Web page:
Whenever I’m away from mountains, I feel their absence. For those drawn to them, they are irreplaceable in our souls. It’s not just their beauty that draws us, but also the challenge they represent. An anvil to strike ourselves against to see the strength of our mettle. It has been far too long since I hiked a proper mountain — life has gotten crazy since my injury, and I just haven’t made time. Last weekend, I’d had enough. Without giving myself a chance to mull things over, I booked a hotel room and a KTX ticket to Ulsan. My plan? To spend the next day hiking Sinbulsan in the Yeongnam Alps.
It’s wonderful to be back. Back among the mountains that remind us of our vulnerability, our ultimate lack of control over the world we live in. Mountains that demand humility, and yield so much peace in return.” – Alex Lowe
A hike starting in another city means an early start, and I left my apartment at 6:45 a.m. Getting to the trailhead was a bit numbing, so I was grateful for the short walk from where my cab dropped me to the trailhead. Call it a warmup. Signs for ‘신불산’ indicated the proper way to go, such as the one below. Curious where I started? Stay tuned for the end of the post, where I’ll link my Ramblr trip with GPS coordinates.
The ascent started immediately, and I couldn’t help but feel nervous. My conditioning has gotten worse than I’d realized, and I could already feel the strain on my knee. But there was no way in hell I was quitting. Behind me, a group of older Koreans who seemed to have just discovered how to make their voices echo helped to spur me on.
Mountain summits are tricky things. What may seem a short distance away may actually require a series of switchbacks to reach or a roundabout approach. Or the summit which gave you so much hope thirty minutes before might hide another above and beyond. But every summit is an achievement, so I couldn’t help but feel the thrill when I saw Sinbulsan’s for the first time through the trees.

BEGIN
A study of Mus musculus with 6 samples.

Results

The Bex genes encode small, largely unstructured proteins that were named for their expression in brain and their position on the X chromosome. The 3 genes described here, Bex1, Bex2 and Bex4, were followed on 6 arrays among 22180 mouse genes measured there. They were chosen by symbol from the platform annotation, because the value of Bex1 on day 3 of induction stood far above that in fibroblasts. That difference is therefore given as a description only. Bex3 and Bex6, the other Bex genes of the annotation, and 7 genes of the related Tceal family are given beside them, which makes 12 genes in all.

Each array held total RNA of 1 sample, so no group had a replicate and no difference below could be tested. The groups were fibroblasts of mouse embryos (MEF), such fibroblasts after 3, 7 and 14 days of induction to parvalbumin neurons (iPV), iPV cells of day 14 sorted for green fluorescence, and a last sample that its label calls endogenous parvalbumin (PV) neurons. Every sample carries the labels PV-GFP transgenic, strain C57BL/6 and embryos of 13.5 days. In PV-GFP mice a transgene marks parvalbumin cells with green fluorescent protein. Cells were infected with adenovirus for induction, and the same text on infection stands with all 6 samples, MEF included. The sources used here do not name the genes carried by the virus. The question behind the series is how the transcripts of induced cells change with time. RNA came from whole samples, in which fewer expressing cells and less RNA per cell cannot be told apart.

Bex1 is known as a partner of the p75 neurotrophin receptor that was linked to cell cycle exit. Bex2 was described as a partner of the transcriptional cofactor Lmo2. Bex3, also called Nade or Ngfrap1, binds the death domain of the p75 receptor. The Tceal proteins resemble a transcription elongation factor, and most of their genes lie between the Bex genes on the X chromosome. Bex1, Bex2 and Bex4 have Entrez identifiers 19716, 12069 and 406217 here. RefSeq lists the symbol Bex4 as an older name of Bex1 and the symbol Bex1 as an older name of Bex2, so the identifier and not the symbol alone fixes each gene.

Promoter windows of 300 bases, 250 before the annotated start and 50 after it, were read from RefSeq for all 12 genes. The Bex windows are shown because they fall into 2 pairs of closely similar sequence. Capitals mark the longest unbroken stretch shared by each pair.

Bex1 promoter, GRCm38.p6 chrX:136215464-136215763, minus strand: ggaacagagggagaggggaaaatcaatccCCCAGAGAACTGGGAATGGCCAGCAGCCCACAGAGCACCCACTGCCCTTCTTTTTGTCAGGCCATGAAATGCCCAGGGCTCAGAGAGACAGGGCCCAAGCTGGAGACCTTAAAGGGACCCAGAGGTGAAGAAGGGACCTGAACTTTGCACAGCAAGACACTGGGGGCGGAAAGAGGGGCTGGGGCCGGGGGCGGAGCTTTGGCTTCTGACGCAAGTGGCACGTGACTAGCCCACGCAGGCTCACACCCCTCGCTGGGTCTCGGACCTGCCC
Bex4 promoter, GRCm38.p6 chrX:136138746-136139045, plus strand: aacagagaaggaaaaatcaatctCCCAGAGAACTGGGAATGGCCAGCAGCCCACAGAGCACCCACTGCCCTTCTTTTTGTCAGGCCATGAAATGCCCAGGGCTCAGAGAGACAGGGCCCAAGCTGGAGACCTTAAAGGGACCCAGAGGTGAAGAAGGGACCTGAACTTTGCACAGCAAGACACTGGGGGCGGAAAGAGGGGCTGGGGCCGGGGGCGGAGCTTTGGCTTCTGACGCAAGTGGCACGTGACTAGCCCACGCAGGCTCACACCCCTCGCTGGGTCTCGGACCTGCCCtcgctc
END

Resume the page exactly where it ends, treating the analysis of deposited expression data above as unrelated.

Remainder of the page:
The friend who’d recommended the hike to me had cautioned that the silver reeds Sinbulsan is famous for may no longer be at their most beautiful, the optimal season for viewing them being early-mid fall. Although the majority of the grass may have lost its silver plumes, the overall effect of Sinbulje (신불제) was still stunning. The ridge is blanketed by a giant field, marshy earth covered in golden reeds rustling with the passing of the wind. Above, the sky was a brilliant blue — unchoked by smog.
The summit itself is noticeably barren compared to the ascent. Scattered around it are several nice seating areas for picnicking, and I found an empty one and set to work on the lunch I’d packed.
By the time I got to the second peak, I was ready to tap out. My knee was starting to hurt, and I was craving something more substantial than the bag of oranges and the small loaf of ciabatta bread I’d brought along. I made the summit, then set about finding a secluded spot to scarf down the rest of my food.
I was exhausted and hungry enough to eat a horse, but I wanted nothing more than a bath. Luckily, I’d planned ahead and had booked a room at The K Motel with a jacuzzi tub. Let’s just say it did NOT disappoint. See that picture below? Bubble bath. I spent as much time as I could in the tub, then rinsed off and passed out on the bed for an hour. Dinner could wait.
What do you think? Have you hiked Sinbulsan in the past? Or done another hike in Korea you’d like to share? Let me know in the comments below!